Probate and Estate Administration Services
Frequently Asked Questions About Probate and Estate Administration
Kennan Kay & Co have prepared some of the most common questions asked about Probate and Estate Administration.
Probate is a term used to describe the legal process involved in administering the estate of a deceased individual, usually with someone taking control of the deceased person’s affairs.
A personal representative is a collective term to describe those persons who have control over the deceased person’s affairs and that control can come from the appointment of executors in a Will or by persons being beneficially entitled to the deceased person’s estate where the deceased has died intestate, without a Will.
The authority of executors’ stems from the deceased person’s Will and is confirmed by the executors obtaining grant of probate, whereas personal representatives’ authority under an intestacy stems from them obtaining the grant of representation. Persons acting on an intestacy will not have any authority until they have obtained the grant.
A grant of representation is a general term used to describe any form of grant. The most common grants are a “grant of probate” obtained by the executors under a deceased person’s Will and a “grant of letters of administration” obtained by personal representatives where a deceased person has died without a Will. There are other forms of grant to cover other situations.
Whoever has control over the deceased person’s affairs will have the duty of dealing with the administration of the estate which means that they will collect in all the deceased person’s assets, pay all liabilities of the estate both at date of death and during the administration process. Whatever is left in the estate after all liabilities have been paid is known as the residuary estate which they have a duty to distribute in accordance with the deceased’s Will or under the intestacy rules if the deceased has not left a Will.
If the deceased person owns his own property the personal representatives will need to obtain a grant of representation in order to deal with the sale or transfer of the property. In addition, a grant will also be required to deal with stocks & shares or substantial sums in saving accounts.
A deceased person’s estate will include all assets held by that person in his/her sole name at the date of his/her death. Such assets will include houses, stocks & shares, savings, life policies, household contents, jewellery, cars, yachts, business assets and any property held abroad. Any liabilities in the name of the deceased at the date of his/her death will be deducted from the value of the assets to produce the value of the net estate. Where the deceased has died domiciled in the United Kingdom, the deceased’s worldwide assets are taken into account for inheritance purposes, whereas if the deceased has a foreign domicile then only the deceased’s assets in the United Kingdom are taken into account for inheritance tax purposes.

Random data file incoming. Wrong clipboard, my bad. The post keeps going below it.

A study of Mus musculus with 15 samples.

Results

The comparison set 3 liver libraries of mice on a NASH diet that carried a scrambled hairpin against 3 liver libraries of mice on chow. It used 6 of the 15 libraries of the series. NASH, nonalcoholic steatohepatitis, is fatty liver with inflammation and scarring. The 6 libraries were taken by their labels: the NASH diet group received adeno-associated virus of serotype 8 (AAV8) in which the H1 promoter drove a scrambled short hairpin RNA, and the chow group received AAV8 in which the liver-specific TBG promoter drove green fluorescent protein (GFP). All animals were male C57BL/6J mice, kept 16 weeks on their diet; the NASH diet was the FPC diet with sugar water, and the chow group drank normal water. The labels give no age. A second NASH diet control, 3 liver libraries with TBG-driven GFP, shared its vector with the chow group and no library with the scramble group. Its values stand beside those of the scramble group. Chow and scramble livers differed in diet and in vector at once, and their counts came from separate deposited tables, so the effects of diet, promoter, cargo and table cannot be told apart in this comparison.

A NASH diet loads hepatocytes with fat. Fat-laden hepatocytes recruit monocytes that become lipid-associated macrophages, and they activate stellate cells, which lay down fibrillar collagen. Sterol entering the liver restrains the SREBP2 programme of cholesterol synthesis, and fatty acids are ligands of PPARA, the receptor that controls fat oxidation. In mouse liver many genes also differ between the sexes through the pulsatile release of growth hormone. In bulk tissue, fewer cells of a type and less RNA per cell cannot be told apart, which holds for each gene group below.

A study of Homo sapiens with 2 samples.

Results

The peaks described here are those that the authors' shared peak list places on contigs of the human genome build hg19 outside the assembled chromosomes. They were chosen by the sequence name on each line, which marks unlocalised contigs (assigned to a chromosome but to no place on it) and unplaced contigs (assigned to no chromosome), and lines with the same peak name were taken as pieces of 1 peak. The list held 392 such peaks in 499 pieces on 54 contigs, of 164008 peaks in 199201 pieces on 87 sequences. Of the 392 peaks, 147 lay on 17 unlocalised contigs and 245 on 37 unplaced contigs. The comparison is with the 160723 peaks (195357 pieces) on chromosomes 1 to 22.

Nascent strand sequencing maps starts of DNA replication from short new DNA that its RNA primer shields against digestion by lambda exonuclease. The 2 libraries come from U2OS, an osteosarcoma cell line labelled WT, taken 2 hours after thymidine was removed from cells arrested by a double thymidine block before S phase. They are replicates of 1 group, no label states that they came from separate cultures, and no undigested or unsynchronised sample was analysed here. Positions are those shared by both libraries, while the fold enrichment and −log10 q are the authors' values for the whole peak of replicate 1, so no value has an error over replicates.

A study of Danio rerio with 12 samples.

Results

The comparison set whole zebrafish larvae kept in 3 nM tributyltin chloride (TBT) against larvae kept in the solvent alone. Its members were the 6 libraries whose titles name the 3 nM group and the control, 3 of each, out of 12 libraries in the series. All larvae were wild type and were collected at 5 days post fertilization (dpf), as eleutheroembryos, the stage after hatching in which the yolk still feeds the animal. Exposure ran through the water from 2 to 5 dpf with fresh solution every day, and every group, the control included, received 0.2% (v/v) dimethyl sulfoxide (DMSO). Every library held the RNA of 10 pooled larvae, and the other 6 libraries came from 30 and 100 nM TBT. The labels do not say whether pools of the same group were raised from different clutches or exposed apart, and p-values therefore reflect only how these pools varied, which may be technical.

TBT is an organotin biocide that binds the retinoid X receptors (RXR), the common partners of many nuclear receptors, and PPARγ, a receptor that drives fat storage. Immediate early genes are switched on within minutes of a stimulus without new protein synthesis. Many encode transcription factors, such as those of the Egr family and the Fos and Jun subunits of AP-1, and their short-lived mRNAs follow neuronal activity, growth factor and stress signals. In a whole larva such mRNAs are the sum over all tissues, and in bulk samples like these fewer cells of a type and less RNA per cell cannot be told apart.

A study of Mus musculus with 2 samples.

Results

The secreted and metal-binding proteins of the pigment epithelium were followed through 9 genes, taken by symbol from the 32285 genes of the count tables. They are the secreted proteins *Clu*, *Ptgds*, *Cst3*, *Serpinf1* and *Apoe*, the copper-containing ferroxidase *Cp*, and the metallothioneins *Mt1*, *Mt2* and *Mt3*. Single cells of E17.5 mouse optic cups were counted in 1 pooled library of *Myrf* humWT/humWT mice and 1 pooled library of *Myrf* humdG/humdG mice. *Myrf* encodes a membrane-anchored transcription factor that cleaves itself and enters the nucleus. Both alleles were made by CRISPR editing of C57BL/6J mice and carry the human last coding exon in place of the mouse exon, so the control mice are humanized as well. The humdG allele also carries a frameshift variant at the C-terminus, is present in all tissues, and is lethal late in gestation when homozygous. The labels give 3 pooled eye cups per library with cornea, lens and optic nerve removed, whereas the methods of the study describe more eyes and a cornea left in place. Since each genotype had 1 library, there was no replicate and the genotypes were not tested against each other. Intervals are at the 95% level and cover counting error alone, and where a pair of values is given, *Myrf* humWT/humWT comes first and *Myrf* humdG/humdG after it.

A deceased person’s estate is valued as at date of death. In other words, all assets held by the deceased at date of death are valued at that date. It will be the duty of the personal representatives to obtain those values. Different assets are valued in different ways and some assets are more difficult to value than others. Houses are valued on the basis of what the current market value of the property is at the date of death. Stocks & shares are valued from a special calculation using the higher and lower values of the shares applicable on the day the deceased died. Savings are simple and straight forward in that it is the balance on the deceased’s account which is taken but the personal representatives should also ask for any interest arising which may have accrued but not yet credited to the account at date of death. Business assets may be problematic to value and the personal representatives may need to employ a firm of accountants to value such assets.
Inheritance tax is a death duty and is paid mainly, if at all, on death. Currently, every individual has an inheritance tax threshold (nil rate band) of £325,000. If the value of a deceased person’s estate at date of death is over this threshold then the deceased’s estate may suffer tax at 40% on any sum over the threshold. There are instances where no inheritance tax will be payable even if the estate is over the inheritance tax threshold because the net estate passes to exempt individuals such as surviving spouses or exempt organisations such as charities. Personal representatives can apply to transfer any unused nil rate band on the first death in husband and wife scenarios to the survivor’s estate which will have the effect of reducing any inheritance tax payable on the second death.
It all very much depends on what assets are in the deceased person’s estate and whether any inheritance tax is payable. It also depends on how quickly the personal representatives can have the assets valued and how quickly organisations reply to the personal representatives. If there are no difficult assets to value the rule of thumb is that the personal representatives should be in a position to lodge the papers with the probate registry to lead to grant of representation between 6 to 8 weeks following the death of the deceased. Once the papers are lodged with the probate registry it usually takes between 10 to 14 days for the grant to issue. The personal representatives will then be in a position to administer the estate which can take between 6 and 12 months depending on the assets in the estate. The administration process can take longer where the estate is liable to inheritance tax.
Contact Kennan Kay & Co for assistance. They will be able to assist you in obtaining the grant of representation only, or assist you in obtaining the grant and deal with the full administration of the estate.